Whether it’s a window in a kitchen, the windshield of a car, or a window in a motorhome, leaks can happen and cause a mess. Leaks can be actual streams of water dripping down a windowpane or something smaller that appears as humidity or fog. The water might not even show up on the window at all, but someone might notice a wet seat or carpet next to the window.
Water leaks are not only annoying to clean, but they can also cause serious damage to the inside of a car, RV, or home. Damage does not just affect interior walls, paint, and carpet but also personal items that do not do well when wet. In addition, when a space is damp or water pools in a single place, larger issues like mold, mildew, and rot can develop quickly.
The bottom line is that windows are supposed to keep water out, so if you have a leak, it’s best to address the problem immediately before it becomes a larger problem.
Why Do Windows Leak?
Window panes do not need to have physical damage like cracks or breaks to cause water to seep inside. In most situations, the issue is actually with the material or sealant around the window.
When you think about how a window is designed and installed, you basically have a piece of glass blocking a hole that has been intentionally cut into a house or vehicle. That piece of glass needs to be held in place in order for it to do its job. Not only that, but a lot of effort goes into sealing any gaps between the window and the side of a car or building.
The main culprits of a leaking window include the following:
- Damaged or cracked sealant or caulk around a window
- Poorly installed windows
- Poorly sealed windows
- Cracked window near or under the seam making the damage difficult to see
- Missing sealant completely
While the list above applies to leaky windows in both a home or vehicle, there are a few other issues that can cause window leaks specifically in a building:
- What might look like a leaky window is actually a leaky wall that has cracked around the window installed
- Missing overhangs or damaged overhangs that cause excess water to pool around window sills and then seep inside or warp the window structure
- The window is not shut and/or locked in place correctly (while this might seem simple, remember that windows in homes often have additional features like slides and locks and they can open sideways, outward, inward, up, or down)
Water loves to find any weak point or opening in a building or seal, and once it’s found its way in, it’s difficult to keep out. It’s recommended to check windows and seals regularly to catch problems early.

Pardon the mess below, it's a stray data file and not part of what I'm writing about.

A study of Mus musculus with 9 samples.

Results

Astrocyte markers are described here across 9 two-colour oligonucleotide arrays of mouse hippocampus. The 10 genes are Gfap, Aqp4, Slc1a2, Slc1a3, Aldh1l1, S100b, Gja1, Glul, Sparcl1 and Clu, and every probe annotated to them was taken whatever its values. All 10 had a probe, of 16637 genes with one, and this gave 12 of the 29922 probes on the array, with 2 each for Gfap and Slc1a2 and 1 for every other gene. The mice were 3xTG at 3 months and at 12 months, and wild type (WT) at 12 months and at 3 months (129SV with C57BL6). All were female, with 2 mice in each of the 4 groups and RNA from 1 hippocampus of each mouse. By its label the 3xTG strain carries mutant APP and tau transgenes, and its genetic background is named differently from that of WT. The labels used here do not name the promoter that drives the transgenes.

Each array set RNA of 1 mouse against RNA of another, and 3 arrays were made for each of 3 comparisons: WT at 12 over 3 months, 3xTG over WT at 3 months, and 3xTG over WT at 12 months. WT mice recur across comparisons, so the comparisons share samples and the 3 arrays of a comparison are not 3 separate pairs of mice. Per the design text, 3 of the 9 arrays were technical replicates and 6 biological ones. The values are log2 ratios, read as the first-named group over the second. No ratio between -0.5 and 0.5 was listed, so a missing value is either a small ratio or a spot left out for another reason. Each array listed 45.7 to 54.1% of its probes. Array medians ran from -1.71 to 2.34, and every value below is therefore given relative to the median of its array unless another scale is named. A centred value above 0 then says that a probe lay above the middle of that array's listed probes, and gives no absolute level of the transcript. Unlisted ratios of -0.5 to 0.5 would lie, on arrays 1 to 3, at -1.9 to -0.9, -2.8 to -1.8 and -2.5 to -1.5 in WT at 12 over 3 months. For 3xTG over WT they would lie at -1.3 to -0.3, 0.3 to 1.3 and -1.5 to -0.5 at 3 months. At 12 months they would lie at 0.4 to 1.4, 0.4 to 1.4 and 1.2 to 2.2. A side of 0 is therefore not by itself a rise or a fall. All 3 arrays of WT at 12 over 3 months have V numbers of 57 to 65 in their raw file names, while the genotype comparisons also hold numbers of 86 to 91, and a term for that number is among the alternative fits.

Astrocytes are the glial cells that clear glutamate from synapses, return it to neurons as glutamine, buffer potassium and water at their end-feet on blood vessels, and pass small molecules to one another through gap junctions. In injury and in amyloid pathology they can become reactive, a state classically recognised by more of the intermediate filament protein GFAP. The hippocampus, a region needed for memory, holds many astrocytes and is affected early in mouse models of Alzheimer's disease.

Signs of a Leaking Window
Water streaming down a window inside the house or car is not good and is a pretty obvious sign of a leak. When water hits a window, it is supposed to stay outside, so any water inside is a sign of a problem.
However, sometimes a leaky window does not appear as a physical drip or stream of water, but there are some telltale signs you can watch out for.
Below is a list of some other things that can appear when there is a leaky window:
- Noticing a new musty smell in a vehicle or in a particular area of a home
- No physical water is seen, but there are water marks or stains on or around a window
- Pools of water under a window on the window sill or on the floor
- Water pooling on floorboards that is not caused by wet shoes
- Foggy windows on the inside
- Foggy window panes or noticing water between interior and exterior window panes
- Mold or mildew accumulating around a window or on a windowpane
- Damp car seats or carpet that is not caused by wet shoes
More often than not, if there is an actual drip or obvious water stream, you can follow it to the source of the leak issue. If there is another sign like those listed above, finding the actual source of the leak might be a little trickier, and it might be time to call in some professional help.
Let the Pros Help
Whether you need a window repair or replacement for your vehicle, motorhome, or residence, Advanced Auto Glass has you covered. We have over 28 years of experience serving customers in the greater Dallas–Fort Worth Metroplex, so let us help you with your auto and home glass needs.
Give us a call or contact us via our online form and get your free quote! We also have two convenient locations in the Fort Worth and Weatherford areas and have agents who are fluent in both English and Spanish.